A federal judge ruled Monday that the University of North Carolina did not discriminate against applicants who were White and Asian American during the university’s undergraduate admissions process, according to court documents.
The ruling comes following a lawsuit filed in 2014 by the group Students for Fair Admissions (SFFA), which argued UNC used race in its admissions process and that it intentionally discriminated against certain members based on race and other factors.
In the lawsuit, the group accused UNC of “employing racial preferences in undergraduate admissions where there are available race-neutral alternatives capable of achieving student body diversity,” and “employing an undergraduate admissions policy that uses race as a factor in admissions.”
In Monday’s ruling, Judge Loretta Biggs said UNC didn’t discriminate and said the university could continue to use race as a factor in its undergraduate admission process.
“UNC has met its burden of demonstrating with clarity that its undergraduate admissions program withstands strict scrutiny and is therefore constitutionally permissible,” Biggs wrote, adding that the university “engages in a highly individualized, holistic admissions program.”
“While no student can or should be admitted to this University, or any other, based solely on race, because race is so interwoven in every aspect of the lived experience of minority students, to ignore it, reduce its importance and measure it only by statistical models as SFFA has done, misses important context to include obscuring racial barriers and obstacles that have been faced, overcome and are yet to be overcome,” Biggs wrote.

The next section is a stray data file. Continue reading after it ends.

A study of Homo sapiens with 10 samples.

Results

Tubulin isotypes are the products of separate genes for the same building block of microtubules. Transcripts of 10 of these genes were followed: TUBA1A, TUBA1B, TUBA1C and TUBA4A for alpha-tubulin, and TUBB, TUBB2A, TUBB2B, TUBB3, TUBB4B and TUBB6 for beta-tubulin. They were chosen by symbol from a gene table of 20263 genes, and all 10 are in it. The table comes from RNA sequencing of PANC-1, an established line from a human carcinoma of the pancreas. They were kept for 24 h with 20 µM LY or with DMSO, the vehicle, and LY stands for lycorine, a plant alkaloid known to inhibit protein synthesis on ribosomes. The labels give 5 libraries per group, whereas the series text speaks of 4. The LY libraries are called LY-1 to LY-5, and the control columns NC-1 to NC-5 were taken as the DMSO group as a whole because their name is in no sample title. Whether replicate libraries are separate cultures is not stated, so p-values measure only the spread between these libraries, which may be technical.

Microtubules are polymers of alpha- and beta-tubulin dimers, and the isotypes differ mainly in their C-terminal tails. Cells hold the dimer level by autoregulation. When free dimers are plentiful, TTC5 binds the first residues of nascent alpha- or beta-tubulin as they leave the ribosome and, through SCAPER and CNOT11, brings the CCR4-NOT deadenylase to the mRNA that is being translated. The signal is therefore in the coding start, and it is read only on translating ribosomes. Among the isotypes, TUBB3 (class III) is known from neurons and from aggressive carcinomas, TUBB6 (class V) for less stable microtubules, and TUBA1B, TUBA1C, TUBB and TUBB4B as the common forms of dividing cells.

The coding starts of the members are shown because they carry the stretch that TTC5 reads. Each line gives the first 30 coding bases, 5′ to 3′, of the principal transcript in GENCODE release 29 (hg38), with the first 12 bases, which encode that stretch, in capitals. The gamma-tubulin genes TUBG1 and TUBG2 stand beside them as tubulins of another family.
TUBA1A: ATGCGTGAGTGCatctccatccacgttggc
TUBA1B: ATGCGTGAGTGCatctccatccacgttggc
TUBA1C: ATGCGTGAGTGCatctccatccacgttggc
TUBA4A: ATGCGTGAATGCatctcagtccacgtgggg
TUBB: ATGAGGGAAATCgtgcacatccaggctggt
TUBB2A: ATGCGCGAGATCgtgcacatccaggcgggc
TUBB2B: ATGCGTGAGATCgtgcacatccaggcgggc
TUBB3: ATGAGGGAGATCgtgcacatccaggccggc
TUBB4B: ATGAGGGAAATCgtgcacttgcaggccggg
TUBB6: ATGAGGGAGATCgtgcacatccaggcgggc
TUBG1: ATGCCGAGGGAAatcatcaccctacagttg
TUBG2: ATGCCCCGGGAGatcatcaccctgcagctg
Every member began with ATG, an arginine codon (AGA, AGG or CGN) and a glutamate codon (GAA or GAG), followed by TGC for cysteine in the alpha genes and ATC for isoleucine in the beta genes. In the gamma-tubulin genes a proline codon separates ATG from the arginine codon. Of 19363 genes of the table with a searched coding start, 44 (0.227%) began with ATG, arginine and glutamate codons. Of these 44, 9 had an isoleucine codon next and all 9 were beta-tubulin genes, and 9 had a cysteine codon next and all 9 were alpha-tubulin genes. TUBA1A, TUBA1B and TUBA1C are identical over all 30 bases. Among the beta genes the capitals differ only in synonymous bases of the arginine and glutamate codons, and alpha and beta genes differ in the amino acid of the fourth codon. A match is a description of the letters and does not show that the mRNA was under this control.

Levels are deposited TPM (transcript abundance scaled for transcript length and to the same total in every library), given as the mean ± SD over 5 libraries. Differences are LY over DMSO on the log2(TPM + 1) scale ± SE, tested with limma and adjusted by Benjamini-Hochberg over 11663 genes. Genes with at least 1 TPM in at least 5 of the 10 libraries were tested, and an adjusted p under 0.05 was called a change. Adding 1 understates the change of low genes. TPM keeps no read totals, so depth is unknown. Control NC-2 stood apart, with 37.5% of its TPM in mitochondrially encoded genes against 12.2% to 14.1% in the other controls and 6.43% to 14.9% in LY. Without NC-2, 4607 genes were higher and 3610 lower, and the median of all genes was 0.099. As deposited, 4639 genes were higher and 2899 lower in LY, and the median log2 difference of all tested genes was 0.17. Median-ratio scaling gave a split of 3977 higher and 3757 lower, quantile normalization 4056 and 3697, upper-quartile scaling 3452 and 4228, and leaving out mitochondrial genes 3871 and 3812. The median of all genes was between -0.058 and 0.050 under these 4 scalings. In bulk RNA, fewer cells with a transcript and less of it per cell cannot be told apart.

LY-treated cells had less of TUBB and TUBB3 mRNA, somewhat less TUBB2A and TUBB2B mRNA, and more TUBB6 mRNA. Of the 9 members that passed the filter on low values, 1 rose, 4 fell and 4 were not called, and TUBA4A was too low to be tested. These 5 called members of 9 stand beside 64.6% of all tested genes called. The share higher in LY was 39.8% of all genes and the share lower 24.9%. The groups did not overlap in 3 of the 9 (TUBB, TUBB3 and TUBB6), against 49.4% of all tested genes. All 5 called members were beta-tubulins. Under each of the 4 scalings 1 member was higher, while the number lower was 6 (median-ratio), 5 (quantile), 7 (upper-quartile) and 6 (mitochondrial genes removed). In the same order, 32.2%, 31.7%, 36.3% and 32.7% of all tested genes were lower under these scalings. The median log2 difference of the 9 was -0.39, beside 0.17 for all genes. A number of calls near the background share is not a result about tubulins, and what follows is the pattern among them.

According to the UNC website, this year’s incoming class of 5,630 students included 65% who identified as White or Caucasian, 21% as Asian or Asian American, 12% as Black or African American and 10% who said they were Hispanic, Latina or Latino.
“This decision makes clear the University’s holistic admissions approach is lawful. We evaluate each student in a deliberate and thoughtful way, appreciating individual strengths, talents and contributions to a vibrant campus community where students from all backgrounds can excel and thrive,” Beth Keith, associate vice chancellor, Office of University Communications, said in a statement.
CNN has reached out to the SFFA for comment.
In June, the Supreme Court effectively postponed action on another SFFA challenge, also filed in 2014 and this time against Harvard University.
The challengers contend the Ivy League campus holds Asian Americans to a higher standard and essentially caps their numbers. The school counters that it sets no limits for Asian American students and that all applicants are considered individually based on many characteristics.
The high court issued an order asking the Biden Department of Justice to offer its views on the case, which for the nine justices’ own internal politics, means they postponed having to make a decision on whether and when to hear the controversy.